Half a dozen Senate Democrats called Monday on a pair of federal agencies to go after electronic cigarette companies that claim their wares can help smokers quit.

The Food and Drug Administration is readying regulations that would bring the burgeoning e-cigarette industry under its supervision, though a proposed rule has sat under review at the White House since October, and it's unclear how soon it would be issued.


Led by Sen. Barbara BoxerBarbara Levy BoxerKamala Harris endorses Gavin Newsom for California governor Dems face hard choice for State of the Union response Billionaire Steyer to push for Dem House push MORE (D-Calif.), the senators single out NEwhere electronic cigarettes, which proclaimed, "Quit Smoking with Electronic Cigarettes” on the their website.

“We believe that you can and should act immediately to crack down on these false and deceptive claims by e-cigarette manufacturers,” the lawmakers wrote in a letter to FTC Commissioner Edith Ramirez.

A similar letter was sent to FDA Commissioner Margaret Hamburg.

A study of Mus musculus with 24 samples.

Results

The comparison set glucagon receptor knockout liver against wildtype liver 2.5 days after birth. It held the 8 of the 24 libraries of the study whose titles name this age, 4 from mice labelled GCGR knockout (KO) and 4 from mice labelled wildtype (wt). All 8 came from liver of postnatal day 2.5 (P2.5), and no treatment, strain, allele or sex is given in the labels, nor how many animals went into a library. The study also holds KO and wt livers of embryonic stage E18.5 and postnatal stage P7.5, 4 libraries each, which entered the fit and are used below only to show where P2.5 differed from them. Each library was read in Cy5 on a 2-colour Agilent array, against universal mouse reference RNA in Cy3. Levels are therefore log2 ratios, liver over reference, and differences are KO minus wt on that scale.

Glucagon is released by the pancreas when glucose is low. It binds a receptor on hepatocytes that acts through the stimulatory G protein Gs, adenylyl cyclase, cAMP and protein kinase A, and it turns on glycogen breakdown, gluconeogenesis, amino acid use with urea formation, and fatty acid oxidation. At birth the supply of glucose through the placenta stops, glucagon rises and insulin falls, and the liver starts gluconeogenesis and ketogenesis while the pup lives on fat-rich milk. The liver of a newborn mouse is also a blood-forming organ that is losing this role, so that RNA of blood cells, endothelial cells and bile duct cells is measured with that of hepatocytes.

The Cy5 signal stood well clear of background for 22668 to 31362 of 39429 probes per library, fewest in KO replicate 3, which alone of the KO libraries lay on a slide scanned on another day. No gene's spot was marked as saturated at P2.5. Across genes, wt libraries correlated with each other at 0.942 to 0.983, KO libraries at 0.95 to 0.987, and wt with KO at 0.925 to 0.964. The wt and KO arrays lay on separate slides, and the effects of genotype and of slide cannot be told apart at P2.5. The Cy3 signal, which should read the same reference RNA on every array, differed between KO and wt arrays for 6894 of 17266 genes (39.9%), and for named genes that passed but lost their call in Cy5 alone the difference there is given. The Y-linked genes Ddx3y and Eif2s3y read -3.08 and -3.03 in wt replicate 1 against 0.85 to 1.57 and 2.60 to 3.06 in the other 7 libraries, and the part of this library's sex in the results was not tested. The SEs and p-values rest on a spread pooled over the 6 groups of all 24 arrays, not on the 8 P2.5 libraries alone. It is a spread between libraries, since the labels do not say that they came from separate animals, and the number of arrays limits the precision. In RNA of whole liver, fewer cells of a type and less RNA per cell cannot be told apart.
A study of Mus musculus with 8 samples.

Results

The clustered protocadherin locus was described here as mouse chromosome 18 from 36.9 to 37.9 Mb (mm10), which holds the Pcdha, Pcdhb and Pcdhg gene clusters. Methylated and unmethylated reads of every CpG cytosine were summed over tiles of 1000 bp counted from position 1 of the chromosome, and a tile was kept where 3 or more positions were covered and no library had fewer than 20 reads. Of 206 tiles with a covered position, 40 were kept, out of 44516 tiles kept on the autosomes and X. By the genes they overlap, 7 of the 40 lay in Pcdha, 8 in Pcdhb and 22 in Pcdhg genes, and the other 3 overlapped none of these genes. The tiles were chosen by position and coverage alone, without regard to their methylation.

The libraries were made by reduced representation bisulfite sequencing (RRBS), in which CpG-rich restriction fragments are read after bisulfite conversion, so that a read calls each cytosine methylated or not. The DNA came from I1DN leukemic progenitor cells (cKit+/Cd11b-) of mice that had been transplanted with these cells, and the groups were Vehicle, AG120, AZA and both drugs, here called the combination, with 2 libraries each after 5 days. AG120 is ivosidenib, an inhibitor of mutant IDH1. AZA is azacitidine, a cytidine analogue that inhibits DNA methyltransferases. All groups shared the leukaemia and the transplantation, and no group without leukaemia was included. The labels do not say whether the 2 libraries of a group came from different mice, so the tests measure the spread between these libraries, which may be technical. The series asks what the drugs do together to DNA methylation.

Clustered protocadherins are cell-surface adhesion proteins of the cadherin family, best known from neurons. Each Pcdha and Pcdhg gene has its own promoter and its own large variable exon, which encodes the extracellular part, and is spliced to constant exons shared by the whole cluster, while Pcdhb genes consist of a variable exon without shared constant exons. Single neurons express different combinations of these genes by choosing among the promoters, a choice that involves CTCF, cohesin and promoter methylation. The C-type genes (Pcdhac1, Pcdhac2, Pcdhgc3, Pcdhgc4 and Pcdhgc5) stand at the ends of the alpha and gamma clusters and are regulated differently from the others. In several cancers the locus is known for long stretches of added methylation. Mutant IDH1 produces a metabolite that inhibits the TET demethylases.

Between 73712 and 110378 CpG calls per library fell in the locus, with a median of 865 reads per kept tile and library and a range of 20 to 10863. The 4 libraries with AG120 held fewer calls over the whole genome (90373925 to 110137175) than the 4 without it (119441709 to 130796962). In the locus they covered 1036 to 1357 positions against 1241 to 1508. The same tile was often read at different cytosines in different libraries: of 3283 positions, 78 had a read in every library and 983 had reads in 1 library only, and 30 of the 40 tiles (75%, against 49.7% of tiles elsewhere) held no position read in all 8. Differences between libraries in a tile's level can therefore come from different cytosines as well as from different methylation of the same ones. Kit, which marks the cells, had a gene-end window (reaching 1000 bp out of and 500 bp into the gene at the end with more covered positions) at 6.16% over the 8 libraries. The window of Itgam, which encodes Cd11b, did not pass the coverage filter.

Other signatories on the missives include Sens. Richard Blumenthal (D-Conn.), Dick DurbinRichard (Dick) Joseph DurbinAmerica’s waning commitment to the promise of the First Amendment Senate rejects Trump immigration plan What to watch for in the Senate immigration votes MORE (D-Ill.), Tom HarkinThomas (Tom) Richard HarkinTrump should require federal contractors to follow the law Orrin Hatch, ‘a tough old bird,’ got a lot done in the Senate Democrats are all talk when it comes to DC statehood MORE (D-Iowa), Ed MarkeyEdward (Ed) John MarkeyRegulators seek to remove barriers to electric grid storage Markey, Paul want to know if new rules are helping opioid treatment Oil spill tax on oil companies reinstated as part of budget deal MORE (D-Mass.), and Sherrod BrownSherrod Campbell BrownLawmaker interest in NAFTA intensifies amid Trump moves Dem senator shares photo praising LeBron James after Laura Ingraham attacks Trump gets recommendation for steep curbs on imported steel, risking trade war MORE (D-Ohio).

The appeal follows proposed legislation that would empower the FTC to prohibit marketing e-cigarettes to children. 



Currently, the $1 billion-plus e-cigarette industry is mostly unregulated at the federal level. Public health advocates and some lawmakers, however, are calling on the FDA to bring the industry under its supervision via authority granted to the agency by the 2009 Tobacco Control Act.

“We recognize that the FDA has been working to regulate these products,” the lawmakers wrote in the letter sent Monday. “However, the FDA’s Center for Drug Evaluation and Research does not need this regulation or any new authority in order to investigate companies making unsubstantiated and potentially false therapeutic claims.”